The state of the Russian sewerage leaves much to be desired. The situation is quite pitiable in St. Petersburg: the European Union has recently assigned some money to the city in an attempt to improve the ecological situation in the ocean. The state of things in Russia's capital is not better at all. There is no sea in Moscow, so one does not have to wait for Europe's help to arrive at this point.
However, as it turns out, the canalization issue is far from being perfect in mighty Europe too. First and foremost, the system suffers from fine and expensive toilet paper. It takes expensive toilet paper about 30 minutes to dissolve, whereas the cheaper paper is much faster at this point. Baby moist towelettes thrown out in the toilet become a total disaster for the sewage system, for it takes them several days to decompose.
British sanitary technicians say that the need of the sewage cleaning has raised by ten percent in 2004 in comparison with 2003. A customer, or an insurance company has to pay J90 for every visit of a specialist from the company British Gas, which deals with such a noble business.
British Gas specialists conducted a simple research, which revealed that even newspapers were less harmful for the sewerage as opposed to expensive toilet paper. They hurried to set out their claims to paper-makers, although the latter were quite lazy to react seriously. It was particularly said that the problem turned up because of the outdated British canalization, not for the expensive toilet paper. Sanitary technicians had to retreat.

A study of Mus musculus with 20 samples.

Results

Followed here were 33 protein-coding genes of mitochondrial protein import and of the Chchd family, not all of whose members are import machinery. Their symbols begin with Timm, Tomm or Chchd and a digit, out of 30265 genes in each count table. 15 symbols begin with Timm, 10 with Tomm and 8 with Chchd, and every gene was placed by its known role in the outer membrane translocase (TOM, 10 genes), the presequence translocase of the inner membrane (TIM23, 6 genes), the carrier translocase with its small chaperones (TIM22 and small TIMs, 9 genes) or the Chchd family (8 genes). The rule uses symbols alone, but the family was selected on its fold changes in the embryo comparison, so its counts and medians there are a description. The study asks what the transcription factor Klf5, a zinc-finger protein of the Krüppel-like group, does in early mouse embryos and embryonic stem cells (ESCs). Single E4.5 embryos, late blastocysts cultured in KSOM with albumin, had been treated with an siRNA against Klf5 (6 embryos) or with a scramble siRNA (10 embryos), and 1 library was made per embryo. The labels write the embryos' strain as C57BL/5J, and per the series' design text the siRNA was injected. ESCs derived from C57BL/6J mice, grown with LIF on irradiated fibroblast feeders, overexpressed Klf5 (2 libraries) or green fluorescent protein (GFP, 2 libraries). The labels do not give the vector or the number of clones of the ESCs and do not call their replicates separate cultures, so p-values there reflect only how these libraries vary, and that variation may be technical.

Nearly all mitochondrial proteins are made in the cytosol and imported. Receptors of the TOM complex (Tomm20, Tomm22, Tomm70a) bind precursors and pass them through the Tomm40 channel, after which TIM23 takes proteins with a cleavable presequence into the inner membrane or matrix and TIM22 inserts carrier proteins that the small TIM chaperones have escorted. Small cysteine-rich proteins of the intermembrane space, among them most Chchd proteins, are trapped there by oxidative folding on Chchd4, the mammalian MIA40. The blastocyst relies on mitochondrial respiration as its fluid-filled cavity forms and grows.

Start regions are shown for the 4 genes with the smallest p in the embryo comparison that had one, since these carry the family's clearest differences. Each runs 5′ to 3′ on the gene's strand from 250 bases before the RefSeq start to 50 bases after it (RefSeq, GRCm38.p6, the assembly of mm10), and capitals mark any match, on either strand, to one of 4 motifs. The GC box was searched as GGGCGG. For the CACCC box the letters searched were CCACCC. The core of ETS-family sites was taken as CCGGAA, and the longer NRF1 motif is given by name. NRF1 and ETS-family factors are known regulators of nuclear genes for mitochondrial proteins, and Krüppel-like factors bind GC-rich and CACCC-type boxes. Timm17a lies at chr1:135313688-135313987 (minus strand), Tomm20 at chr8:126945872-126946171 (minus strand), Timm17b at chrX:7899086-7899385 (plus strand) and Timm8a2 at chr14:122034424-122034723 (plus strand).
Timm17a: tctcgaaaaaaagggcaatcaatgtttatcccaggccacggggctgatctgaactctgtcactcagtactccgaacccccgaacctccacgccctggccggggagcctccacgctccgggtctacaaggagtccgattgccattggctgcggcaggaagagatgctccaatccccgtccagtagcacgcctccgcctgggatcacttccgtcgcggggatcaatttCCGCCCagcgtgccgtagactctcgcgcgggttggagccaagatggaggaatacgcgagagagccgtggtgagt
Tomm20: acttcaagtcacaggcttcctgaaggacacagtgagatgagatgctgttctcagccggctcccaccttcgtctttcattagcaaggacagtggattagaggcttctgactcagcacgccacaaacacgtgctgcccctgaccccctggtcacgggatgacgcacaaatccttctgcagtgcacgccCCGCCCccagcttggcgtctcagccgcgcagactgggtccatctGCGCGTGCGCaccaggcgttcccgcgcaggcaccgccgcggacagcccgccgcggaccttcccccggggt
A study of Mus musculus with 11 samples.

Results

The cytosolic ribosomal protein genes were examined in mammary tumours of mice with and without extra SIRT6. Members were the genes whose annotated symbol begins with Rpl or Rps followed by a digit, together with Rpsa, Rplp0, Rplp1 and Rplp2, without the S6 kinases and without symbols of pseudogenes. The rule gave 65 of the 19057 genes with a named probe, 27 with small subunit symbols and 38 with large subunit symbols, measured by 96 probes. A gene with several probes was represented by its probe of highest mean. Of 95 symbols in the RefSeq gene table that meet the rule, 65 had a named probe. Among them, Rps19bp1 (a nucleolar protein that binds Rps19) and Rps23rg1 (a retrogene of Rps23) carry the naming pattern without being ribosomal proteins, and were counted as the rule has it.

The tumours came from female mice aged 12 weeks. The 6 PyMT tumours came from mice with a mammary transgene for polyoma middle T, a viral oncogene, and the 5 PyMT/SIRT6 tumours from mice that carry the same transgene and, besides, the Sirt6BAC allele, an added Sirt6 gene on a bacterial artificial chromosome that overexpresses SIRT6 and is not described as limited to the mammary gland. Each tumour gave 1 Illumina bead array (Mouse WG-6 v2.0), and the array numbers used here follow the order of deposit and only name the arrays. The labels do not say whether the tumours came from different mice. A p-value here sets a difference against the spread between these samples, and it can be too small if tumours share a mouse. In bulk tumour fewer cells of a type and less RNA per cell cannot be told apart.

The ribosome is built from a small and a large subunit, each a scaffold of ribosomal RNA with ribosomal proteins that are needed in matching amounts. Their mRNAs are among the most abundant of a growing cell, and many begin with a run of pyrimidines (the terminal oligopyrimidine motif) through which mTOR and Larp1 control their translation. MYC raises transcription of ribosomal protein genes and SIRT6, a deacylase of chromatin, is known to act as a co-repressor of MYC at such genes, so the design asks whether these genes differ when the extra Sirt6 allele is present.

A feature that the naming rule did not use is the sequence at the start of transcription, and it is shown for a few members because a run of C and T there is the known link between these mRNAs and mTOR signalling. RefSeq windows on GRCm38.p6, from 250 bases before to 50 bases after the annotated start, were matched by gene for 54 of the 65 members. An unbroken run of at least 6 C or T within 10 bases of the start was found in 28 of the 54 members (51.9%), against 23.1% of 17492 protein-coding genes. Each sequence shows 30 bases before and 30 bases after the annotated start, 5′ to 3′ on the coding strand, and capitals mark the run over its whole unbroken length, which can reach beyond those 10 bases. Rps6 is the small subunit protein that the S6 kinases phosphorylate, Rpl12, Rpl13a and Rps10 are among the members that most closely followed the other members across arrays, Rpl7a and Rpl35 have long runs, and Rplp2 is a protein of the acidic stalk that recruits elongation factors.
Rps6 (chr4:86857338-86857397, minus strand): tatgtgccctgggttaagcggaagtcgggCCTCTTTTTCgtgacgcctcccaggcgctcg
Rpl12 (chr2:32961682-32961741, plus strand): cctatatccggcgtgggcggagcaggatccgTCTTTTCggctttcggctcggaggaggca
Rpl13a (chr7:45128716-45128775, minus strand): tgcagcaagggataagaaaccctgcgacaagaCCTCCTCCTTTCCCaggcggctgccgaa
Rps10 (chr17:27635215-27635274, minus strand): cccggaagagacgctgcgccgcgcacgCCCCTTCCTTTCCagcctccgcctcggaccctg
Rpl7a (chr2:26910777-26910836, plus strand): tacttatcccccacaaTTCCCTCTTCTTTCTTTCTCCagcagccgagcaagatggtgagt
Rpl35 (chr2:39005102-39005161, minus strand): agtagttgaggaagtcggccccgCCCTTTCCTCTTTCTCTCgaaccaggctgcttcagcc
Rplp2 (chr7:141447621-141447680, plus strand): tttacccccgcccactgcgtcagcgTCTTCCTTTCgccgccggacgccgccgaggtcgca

It was later said that every British citizen has a right to choose the toilet paper that he or she likes to use. Cheap paper is safe for the sewage system and the wallet, whereas fine paper is much more pleasant. That is why it was decided not to use any sanctions against those, who can bring such a humble pleasure to people.
Speaking of Russia, one should say that cheap toilet paper and just newspapers still enjoy great popularity among the Russian wipers.